Why Most Islanders Don’t Vote

Rick Hamada

Voter turnout in Hawaii is abysmal. We were dead last in the nation in the 2004 presidential election. The state with the greatest percentage of voter turnout was Minnesota at 76.7 percent. The national average was 61.34 percent. There were only two states with less than 50 percent participation. Hawaii was one and California was the other.

Why? I can’t speak for California (although at one point I could speak “Valley” - “Fer sure, duuude.”), but for us here at home there are several-reasons for our voter apathy.

* The actions of our elected officials can erode our confidence in the system. When lawmakers are caught driving drunk, arrested for lewd acts in a public place, charged with sexual violations or busted for fiscal impropriety, it leads to cynicism and indifference.

We hold our politicians to a higher standard. It is commensurate with their responsibilities and, lest we forget, they came to us to support them. It is reasonable to expect they will conduct themselves in a way that is representative of the community ideal.


* The brutal partisanship and political maneuvering in the Legislature and, for that matter, in the Honolulu City Council is dispiriting to the electorate, at least to those who pay attention. When Sen. Norman Sakamoto, chairman of the Senate Education Committee, stated among his reasons for opposing the confirmation of Kitty Lagareta to the UH Board of Regents was that she was ultimately responsible for a lack of soap in the men’s showers, political sniping and contrivance took center stage. The public is not interested in “gotcha” politics. Those themes may play well in The Gridiron, but stink on the nightly news.

* People are sick and tired of being used as the personal ATMs for politicians. It was just a few years ago that we were debating the use of hundreds of millions of dollars of surplus revenue for the state. Hundreds could have been returned to individuals and families, if the political priority and will existed. Alas, that dream disappeared along with my dream of fitting into size 30 Levi’s. Our constitution requires a rebate to the taxpayers after two consecutive years of surplus revenue.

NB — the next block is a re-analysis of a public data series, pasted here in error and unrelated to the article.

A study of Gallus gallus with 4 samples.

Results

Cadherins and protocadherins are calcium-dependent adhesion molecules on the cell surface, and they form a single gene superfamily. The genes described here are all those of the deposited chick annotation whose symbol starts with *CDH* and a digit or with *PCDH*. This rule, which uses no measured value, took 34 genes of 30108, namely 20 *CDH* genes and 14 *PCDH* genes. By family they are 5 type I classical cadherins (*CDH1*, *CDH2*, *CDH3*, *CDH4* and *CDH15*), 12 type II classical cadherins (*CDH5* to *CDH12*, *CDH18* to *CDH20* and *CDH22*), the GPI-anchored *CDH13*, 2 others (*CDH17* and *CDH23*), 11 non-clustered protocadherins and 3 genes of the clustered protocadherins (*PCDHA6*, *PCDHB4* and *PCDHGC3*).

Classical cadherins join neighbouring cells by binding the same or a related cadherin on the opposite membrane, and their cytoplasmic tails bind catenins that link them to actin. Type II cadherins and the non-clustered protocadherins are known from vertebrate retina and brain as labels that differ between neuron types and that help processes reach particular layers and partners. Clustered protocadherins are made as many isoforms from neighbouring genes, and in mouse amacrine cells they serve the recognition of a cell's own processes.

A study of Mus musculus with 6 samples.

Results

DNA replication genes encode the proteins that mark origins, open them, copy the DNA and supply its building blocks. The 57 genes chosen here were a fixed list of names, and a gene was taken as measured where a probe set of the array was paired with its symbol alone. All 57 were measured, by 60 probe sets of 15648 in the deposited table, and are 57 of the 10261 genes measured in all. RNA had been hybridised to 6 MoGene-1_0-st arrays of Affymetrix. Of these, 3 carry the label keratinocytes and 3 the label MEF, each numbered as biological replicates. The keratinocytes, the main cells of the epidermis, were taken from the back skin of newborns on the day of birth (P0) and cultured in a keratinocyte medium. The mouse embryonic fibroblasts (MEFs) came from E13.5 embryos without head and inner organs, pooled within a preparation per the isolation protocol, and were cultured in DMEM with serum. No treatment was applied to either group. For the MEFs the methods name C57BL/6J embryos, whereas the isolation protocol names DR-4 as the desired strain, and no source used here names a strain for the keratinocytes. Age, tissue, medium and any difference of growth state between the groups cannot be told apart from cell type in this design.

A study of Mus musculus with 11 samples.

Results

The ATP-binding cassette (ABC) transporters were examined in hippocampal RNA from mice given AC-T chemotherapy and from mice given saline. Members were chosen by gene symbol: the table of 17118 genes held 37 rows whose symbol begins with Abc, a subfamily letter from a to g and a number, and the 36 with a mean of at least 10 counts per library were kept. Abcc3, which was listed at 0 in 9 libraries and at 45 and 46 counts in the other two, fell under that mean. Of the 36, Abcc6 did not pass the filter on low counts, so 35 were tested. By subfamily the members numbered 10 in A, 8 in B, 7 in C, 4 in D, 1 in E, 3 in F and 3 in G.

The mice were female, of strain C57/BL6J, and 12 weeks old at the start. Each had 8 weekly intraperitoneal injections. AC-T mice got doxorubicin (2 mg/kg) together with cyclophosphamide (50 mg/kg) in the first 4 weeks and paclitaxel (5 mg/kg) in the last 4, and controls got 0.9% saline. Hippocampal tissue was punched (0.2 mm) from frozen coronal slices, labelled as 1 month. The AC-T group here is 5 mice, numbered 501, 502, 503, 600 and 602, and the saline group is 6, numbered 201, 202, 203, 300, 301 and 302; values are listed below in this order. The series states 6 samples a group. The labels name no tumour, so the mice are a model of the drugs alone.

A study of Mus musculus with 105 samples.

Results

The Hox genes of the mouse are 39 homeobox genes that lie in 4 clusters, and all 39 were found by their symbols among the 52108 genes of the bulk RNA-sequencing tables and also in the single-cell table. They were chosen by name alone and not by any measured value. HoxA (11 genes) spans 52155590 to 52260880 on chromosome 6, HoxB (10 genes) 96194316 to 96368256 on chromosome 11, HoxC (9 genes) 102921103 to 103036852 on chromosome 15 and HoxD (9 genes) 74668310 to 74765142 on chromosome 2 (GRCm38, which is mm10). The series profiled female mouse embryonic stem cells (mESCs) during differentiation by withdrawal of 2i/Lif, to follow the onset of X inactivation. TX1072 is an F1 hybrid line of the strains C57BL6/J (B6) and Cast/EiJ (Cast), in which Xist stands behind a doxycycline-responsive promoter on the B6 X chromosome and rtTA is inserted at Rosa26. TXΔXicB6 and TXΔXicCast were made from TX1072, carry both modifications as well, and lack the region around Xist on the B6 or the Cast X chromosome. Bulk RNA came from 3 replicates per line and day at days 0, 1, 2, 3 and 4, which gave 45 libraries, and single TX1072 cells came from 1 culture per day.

This 2008 Legislature took the bold move in returning $1. Yep, a buck. It would be somewhat funny if it weren’t so insulting.

* This past legislative session found the Democrat majority supporting the denial of the most basic, fundamental right of a free society. The “Card Check” bill, passed by the Legislature and vetoed by Gov. Linda Lingle, trounced the right of individual privacy when casting a union vote via secret ballot. If passed, this antithetical law would have forced the ballots and votes pertaining to unionization be revealed to those trying to organize, of all things, a union! The Statue of Liberty breathed a sigh of relief when the governor vetoed this offensive piece of ... legislation.


* The atrophied interest in voting can be found in the level of acceptance and respect the public has in our body politic. MidWeek‘s sister publication, the Honolulu Star-Bulletin, asked the following poll question: “What grade would you give to this year’s state Legislature?”

And 83.4 percent of those responded said the Legislature deserved a D or an F. That translates to about a 15 percent approval rating.

The dismal assessment is a statement itself. When less than two of 10 people think you are doing a decent job, you really must be smelling up the room.

* The core of the matter is founded in sheer disempowerment. Most people interested in change do not believe things can change. The Democrat majority, which has had vise-like control over our state for generations (some would say vice-like), is an immovable object. Yes, Gov. Lingle was elected in 2002 and 2006. But GOP representation has dwindled to next to nothing in the Senate and is shrinking in the House.

The irony is the very same disinterested, cynical and inactive segment of the electorate is the key to bringing two-party representation to our process.

Until the proverbial sleeping giant answers the call and gets into the game, we are destined for more of the same.